The “blog to book” phenomenon that has been going on for the last couple years is obviously at this point no longer funny–it has become normal, like most signs of the apocalypse. So the announcement of a book deal for the blog “Things Hipsters Hate” wouldn’t have caught my eye were it not for the astonishing and seemingly straight-faced justification given by the agent (last name: Ashlock) for why this book is different than all the rest. When he met with them a couple months after their blog launched,

no one knew yet that this site playfully blowing the whistle on indie scorn was written by two sweet, self-effacing magazine editors, a couple of soft-spoken twenty-something girls from Williamsburg.

They had so perfectly developed this voice that most readers thought the authors were a couple of bros from Manhattan. In other words, it was clear to me that they could really write…

In other other words, they are such amazing writers that they managed to span the entire distance of cultural relevance, from Williamsburg all the way to Manhattan. So! I think that about wraps things up. Please form an orderly line. The apocalypse will see you shortly.

27 thoughts on “Things Writers Hate

  1. The apocalypse will have to wait until my own photoblog-to-book, Poodles in Fezzes, is published by Random House in November 2010, just in time for what should be a hilarious holiday season.

    1. You jest, but were you to actually create that blog, and post user-submitted photos along with, say, funny little quotes from the “roaring” 20’s, you’d have a book deal in under 6 months.

  2. http://www.dalkeyarchive.com/about/interview/

    “John O’Brien: Starting, however, in the 1970s and ’80s, the situation began to change. Larger publishers bought out smaller ones, merged lists, and cut lines that weren’t profitable. Even though commercial publishing has always been concerned with profit, it also had certain standards of what a book should be in order to be a book. Those standards no longer exist. If you write a book called “How to Lose 50 Pounds in 5 Days,” someone will publish it. Since it is printed and has a cover on it, it’s a book! It was Alfred Knopf who said that best-sellers would kill publishing, that they were insidious. It would be impossible to find a New York publisher now who would agree with him. You might find some editors who would agree with him in a bar late at night in a very private conversation, but they certainly would not agree with him in terms of how to run a publishing house.”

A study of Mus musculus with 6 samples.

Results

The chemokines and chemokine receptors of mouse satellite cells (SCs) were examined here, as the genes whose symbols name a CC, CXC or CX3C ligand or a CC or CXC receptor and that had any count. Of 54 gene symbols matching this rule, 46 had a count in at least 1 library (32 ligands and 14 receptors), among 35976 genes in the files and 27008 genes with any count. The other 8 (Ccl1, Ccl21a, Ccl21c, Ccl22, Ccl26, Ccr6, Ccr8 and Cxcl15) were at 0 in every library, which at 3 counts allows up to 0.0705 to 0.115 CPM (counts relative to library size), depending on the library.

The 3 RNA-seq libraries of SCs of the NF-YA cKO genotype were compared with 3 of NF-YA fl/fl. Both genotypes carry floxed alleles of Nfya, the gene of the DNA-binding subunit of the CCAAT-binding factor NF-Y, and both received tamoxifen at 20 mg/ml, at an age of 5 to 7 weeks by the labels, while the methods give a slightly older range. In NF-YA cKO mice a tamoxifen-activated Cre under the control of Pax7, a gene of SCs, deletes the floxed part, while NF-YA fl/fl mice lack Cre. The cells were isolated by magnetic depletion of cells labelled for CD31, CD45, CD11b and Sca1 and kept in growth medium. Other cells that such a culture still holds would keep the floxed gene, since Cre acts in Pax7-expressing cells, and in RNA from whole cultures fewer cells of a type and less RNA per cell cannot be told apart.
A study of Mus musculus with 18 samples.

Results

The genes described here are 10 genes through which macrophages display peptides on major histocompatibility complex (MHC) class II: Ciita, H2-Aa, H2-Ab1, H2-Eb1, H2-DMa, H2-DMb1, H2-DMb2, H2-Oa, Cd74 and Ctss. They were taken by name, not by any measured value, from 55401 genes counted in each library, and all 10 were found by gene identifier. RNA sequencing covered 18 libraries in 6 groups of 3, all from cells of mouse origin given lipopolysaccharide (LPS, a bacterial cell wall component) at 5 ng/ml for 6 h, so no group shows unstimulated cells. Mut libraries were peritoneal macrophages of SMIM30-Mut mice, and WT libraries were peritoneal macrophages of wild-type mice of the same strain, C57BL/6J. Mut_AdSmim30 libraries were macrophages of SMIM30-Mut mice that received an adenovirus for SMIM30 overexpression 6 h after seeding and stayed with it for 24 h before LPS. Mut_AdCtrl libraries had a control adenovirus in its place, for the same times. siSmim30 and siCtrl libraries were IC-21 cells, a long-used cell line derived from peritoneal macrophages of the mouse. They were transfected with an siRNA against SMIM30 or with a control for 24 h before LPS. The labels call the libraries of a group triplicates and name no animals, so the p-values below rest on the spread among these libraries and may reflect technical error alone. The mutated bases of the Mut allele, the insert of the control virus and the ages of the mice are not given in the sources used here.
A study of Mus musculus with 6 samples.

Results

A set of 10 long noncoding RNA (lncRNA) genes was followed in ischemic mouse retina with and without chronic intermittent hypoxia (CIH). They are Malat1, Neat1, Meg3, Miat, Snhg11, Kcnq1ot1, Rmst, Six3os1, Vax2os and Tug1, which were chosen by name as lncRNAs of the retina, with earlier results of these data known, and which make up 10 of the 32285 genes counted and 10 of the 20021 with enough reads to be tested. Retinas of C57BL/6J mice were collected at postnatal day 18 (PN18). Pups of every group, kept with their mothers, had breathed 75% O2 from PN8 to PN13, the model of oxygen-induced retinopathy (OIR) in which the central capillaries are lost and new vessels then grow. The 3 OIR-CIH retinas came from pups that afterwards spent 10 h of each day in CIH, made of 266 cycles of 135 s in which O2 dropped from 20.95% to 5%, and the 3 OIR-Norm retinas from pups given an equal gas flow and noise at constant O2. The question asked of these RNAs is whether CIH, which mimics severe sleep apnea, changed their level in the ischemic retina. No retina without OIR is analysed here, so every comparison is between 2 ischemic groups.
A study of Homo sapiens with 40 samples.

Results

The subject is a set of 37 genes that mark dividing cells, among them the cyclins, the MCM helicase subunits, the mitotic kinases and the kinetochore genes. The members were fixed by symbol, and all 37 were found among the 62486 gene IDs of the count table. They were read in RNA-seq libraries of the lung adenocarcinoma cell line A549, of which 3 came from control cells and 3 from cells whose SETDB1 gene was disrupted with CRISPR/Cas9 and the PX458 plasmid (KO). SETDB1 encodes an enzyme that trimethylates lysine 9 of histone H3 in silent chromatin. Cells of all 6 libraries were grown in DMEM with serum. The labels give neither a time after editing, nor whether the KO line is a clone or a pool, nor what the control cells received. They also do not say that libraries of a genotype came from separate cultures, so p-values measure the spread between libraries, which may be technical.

1. Yeah, that man is a true believer. And DA is one of the best presses around, as a result (it’s really just a kind of expression of his personality, insofar as he selects everything they publish, and doesn’t care to form his decisions around a preconceived “vision.”)

    1. It feels like an odd interpolation of how Colette’s abusive, controlling husband, took credit for her first books, publishing them under a pen name of his own.

    2. Did they actually “try to sound like men,” or did their readers just assume that they were men (because that’s what readers do)? Or is the journalist here just being lazy, making something up?

      This might be splitting hairs, but I couldn’t tell from the article. (Note that I’ve never read their blog.)

      1. I didn’t mean to suggest the authors had tried anything. The journalist just seems to be showing his underpants when he says that rather than seeming like “a couple of soft-spoken twenty-something girls,” they came across to readers like “a couple of bros from Manhattan” which proves “they could really write.”

        If the “girls” (are they under 18? it seems not from the twenty-somethings, so–women) were really trying to adopt some kind of non-female identity, that changes things, I suppose. Otherwise, it’s hard to read this as if it doesn’t suggest that proving one can write is a matter of sounding like a bro instead of a girl.

        1. My interpretation is that if one can successfully pull off sounding “other” than that proves writerly talent. That said, if the blog was written by a couple of unicorns, it would still be insipid in my opinion.

          1. “My interpretation is that if one can successfully pull off sounding “other” than that proves writerly talent.”

            Yes, possible. And more charitable than mine.

              1. Same. I had to stop after the first couple of pages.. It made me ill. Not so much the blog, but the bookdeal, and the editor’s justifications of accepting tacky crap.

      2. I don’t think they sounded like bros at all. I checked out the first page, and they were busting on flared jeans, and drooling (however ironically ironic they were trying to be) over Michael Cera. That doesn’t scream or even whisper “Manhatten bro” to me.

  3. Shya, I’ll still share profits from LOOK AT THIS FUCKING WRITER with you when it becomes a book. Without you, after all, there’d have been no inspiration.

  4. I’ve lived in NYC all my life and I think I’ve been called “bro” once and it was from someone who’d previously lived in Miami.

    So how do you write like a “bro” anyway?